We are still Celebrating the 2022 Year of the Tiger!

The Annual Conference of the National Federation of Chinese TCM Organizations in 2022 was held in San Francisco, CA, USA, on Sunday, October 16, 2022.

The session was streamed online simultaneously.

Conference Co-Chairs: 

  • Yemeng Chen, Ph.D., L.Ac.

  • Lixeng Lao, Ph.D., L.Ac.

It was co-sponsored and organized by

  • New York College of Traditional Chinese Medicine (NYCTCM) and

  • Virginia University of Integrative Medicine (VUIM)

Report by attendee, Dr. Yvonne Walston, DOM, CMI

In their own words: The conference marked a celebration of the successful effort to remove tiger bone from TCM usage 24 years ago (Year of Tiger) and brought to light the urgent need to come together once more to protect other endangered species still in use and at risk of extinction. TCM practitioners, TCM researchers, wildlife conservation advocates and other stakeholders discussed the issues and challenges of wildlife protection, such as the use of pangolins in TCM practice, which is contributing to drastic declines in their population.

The recent request by some to open up use of tiger bones for research appears to have been terminated.

The pre-conference literature says, “In traditional Chinese medicine (TCM), wildlife products have been prescribed in China for a long history and consumed by the public as medicinal ingredients. Certain wildlife species are now on the edge of extinction due to such demand. The positive image of TCM has been seriously distorted by illegal use of endangered wildlife in Chinese herbal products. A famous ancient TCM practitioner, known as “King of Chinese Medicine,” Sun Si Miao (581-682, Tang Dynasty) stated in his well-known classic “Da Yi Jing Cheng” 《大医精诚》: “Physicians sometimes treat diseases with animal products. However, both human and animals cherish their lives. To treat human using animals is against the principle of saving live. Therefore, I don’t use animal production in my prescriptions.” TCM professionals are an important intermediate actor in the wildlife consumption chain as they can directly communicate with consumers and guide consumption behaviors. We encourage all the TCM practitioners to join us to protect wildlife from use in TCM practice and publicly voice our concerns stating that we are against any illegal use of endangered wildlife in TCM.”

It was discussed that the same cartels who do drug and human trafficking are largely involved in much of the illegal poaching of endangered species. The author of this report, who has an undergraduate degree in zoology, was also horrified to realize that the poachers are including North American continent turtles, which do not exist in the eastern continents. The conference practitioners agreed that it is important to educate the public, because they called it a “habit” for some populations to use endangered species as public consumption for health supplements.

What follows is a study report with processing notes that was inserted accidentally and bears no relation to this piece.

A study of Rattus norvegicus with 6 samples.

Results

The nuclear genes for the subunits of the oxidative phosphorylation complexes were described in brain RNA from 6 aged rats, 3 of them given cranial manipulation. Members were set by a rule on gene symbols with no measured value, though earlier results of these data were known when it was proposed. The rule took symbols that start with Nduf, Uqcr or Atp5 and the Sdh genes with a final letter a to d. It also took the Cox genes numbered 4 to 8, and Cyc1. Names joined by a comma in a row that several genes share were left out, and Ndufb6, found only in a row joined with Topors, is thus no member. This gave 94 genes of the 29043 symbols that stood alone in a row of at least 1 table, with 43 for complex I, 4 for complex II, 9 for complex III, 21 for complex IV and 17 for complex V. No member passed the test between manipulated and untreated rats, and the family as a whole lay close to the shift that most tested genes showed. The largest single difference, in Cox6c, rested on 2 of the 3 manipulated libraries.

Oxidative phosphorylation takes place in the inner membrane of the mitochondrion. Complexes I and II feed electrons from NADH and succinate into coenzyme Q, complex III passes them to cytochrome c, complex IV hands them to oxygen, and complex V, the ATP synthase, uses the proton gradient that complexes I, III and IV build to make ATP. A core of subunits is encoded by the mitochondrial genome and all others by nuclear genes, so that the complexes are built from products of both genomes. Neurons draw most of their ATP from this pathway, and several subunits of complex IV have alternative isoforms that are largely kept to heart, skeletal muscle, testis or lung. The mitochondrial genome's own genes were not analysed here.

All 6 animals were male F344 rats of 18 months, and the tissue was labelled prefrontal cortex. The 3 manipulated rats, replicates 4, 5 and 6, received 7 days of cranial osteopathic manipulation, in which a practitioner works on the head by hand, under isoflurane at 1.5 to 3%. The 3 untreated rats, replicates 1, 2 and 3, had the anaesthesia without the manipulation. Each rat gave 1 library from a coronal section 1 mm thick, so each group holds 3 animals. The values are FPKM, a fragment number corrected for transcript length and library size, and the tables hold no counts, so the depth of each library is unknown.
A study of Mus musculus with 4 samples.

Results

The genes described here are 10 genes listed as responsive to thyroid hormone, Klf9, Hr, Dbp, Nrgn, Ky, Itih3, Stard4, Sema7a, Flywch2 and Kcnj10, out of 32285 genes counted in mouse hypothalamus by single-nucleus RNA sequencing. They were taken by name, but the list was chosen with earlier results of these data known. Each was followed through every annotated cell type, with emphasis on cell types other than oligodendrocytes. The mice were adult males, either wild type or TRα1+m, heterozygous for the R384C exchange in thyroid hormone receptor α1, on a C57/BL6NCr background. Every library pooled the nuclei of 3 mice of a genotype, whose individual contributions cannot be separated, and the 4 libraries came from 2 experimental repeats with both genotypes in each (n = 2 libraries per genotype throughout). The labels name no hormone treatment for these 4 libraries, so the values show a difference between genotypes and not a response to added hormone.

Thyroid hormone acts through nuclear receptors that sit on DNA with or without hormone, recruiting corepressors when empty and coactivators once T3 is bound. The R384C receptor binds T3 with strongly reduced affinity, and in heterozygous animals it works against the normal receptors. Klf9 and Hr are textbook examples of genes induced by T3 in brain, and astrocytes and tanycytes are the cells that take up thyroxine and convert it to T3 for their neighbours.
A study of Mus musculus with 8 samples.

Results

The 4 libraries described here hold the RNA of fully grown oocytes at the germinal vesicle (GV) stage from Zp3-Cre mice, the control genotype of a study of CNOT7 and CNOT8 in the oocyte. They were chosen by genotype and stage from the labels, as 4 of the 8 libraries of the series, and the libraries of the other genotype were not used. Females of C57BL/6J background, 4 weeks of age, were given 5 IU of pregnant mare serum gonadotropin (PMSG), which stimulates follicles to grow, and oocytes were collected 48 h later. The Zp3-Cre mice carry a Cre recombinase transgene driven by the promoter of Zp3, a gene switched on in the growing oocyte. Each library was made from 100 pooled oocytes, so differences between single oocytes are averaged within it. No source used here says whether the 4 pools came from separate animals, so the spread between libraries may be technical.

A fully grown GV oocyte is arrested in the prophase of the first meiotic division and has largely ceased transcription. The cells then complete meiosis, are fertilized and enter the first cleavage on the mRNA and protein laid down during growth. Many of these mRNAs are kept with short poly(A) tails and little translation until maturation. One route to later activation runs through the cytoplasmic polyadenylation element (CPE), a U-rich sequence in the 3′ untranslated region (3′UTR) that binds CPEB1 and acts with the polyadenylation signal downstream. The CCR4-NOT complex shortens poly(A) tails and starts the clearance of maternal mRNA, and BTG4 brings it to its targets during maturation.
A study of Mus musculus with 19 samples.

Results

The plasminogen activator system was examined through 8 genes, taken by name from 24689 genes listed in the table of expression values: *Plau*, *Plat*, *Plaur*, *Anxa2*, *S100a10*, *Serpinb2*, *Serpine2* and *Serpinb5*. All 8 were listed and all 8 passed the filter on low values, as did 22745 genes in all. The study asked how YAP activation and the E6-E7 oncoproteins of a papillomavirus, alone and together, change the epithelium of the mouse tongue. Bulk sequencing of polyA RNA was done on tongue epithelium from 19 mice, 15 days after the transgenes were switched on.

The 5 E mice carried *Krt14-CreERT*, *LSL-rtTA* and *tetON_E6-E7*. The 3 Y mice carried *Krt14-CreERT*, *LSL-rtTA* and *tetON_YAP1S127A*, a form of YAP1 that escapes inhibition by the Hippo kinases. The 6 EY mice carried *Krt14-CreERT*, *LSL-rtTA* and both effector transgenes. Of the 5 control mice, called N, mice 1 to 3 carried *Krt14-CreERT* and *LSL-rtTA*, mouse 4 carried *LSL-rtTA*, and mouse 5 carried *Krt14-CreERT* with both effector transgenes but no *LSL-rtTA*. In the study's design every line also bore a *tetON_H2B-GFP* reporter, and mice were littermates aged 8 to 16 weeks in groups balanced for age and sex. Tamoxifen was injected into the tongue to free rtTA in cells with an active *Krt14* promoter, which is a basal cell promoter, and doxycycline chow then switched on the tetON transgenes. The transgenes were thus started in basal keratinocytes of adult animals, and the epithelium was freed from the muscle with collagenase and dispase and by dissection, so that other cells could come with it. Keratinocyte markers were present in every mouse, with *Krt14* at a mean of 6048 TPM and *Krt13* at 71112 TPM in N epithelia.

Research results were shown of substitute and manufactured products from this modern age that are excellent replacement for endangered species that have been used for health aids, and research is ongoing.

Presenters were quite passionate about each of their areas of expertise, which was invigorating and refreshing, in spite of the long day and shortened breaks. The conference culminated with a certificate and an official “Declaration: We commit to support protecting wildlife and not using any endangered wildlife (animal) products in Chinese Medicine, October 16, 2022.” 

See the program details at http://www.wildlifeprotectionintcm.com/conference/

The conference was supported by many national and international organizations, including the following:

Supporting Organizations

In the US

  • Council of Colleges of Acupuncture & Herbal Medicine (CCAHM)
  • Accreditation Commission of Acupuncture & Herbal Medicine (ACAHM)
  • National Certification Commission for Acupuncture & Oriental Medicine (NCCAOM)
  • Society for Acupuncture Research (SAR)
  • National Federation of Chinese TCM Organizations (NFCTCMO)
  • American TCM Association
  • American TCM Society
  • American Acupuncture and Chinese Medicine Association (AACMA)/strong>
  • United Alliance of New York State Licensed Acupuncturists/strong>
  • Florida Acupuncture Association/strong>
  • Five Branches University/strong>
  • Chinese Herb Trade Association of America/strong>
  • Chinese Medicine Luobing Society of America/strong>
  • California University Silicon Valley/strong>
  • Atlantic Institute of Oriental Medicine/strong>
  • American College of Acupuncture & Oriental Medicine/strong>
  • American Academy of Health & Wellness/strong>
  • California Acupuncturists United Association (CAUA)/strong>
  • Young Acupuncturists Association of America (YAAA)

In the world

  • World Traditional Medicine Forum (WTMF)
  • Consortium of Globalization of Chinese Medicine (CGCM)
  • Good Practice in Traditional Chinese Medicine Research Association (GP-TCM-RA)
  • School of Chinese Medicine, the University of Hong Kong
  • Australian Acupuncture and Chinese Medicine Association Ltd (AACMA)
  • NICM Health Research Institute, Western Sydney University

Supporting Enterprises

  • Tianjiang Pharmaceutical Co., Ltd.
  • E-Fong Herbs
  • TCMzone, LLC
  • PuraPharm International Company

Please note: This article expresses the opinions and research of the author, and does not necessarily reflect all views or policies of the National Federation of Chinese TCM Organizations, the organizers of the Wildlife Protection in TCM Conference, NMSAAM members, the NMSAAM BOD, or the ASA.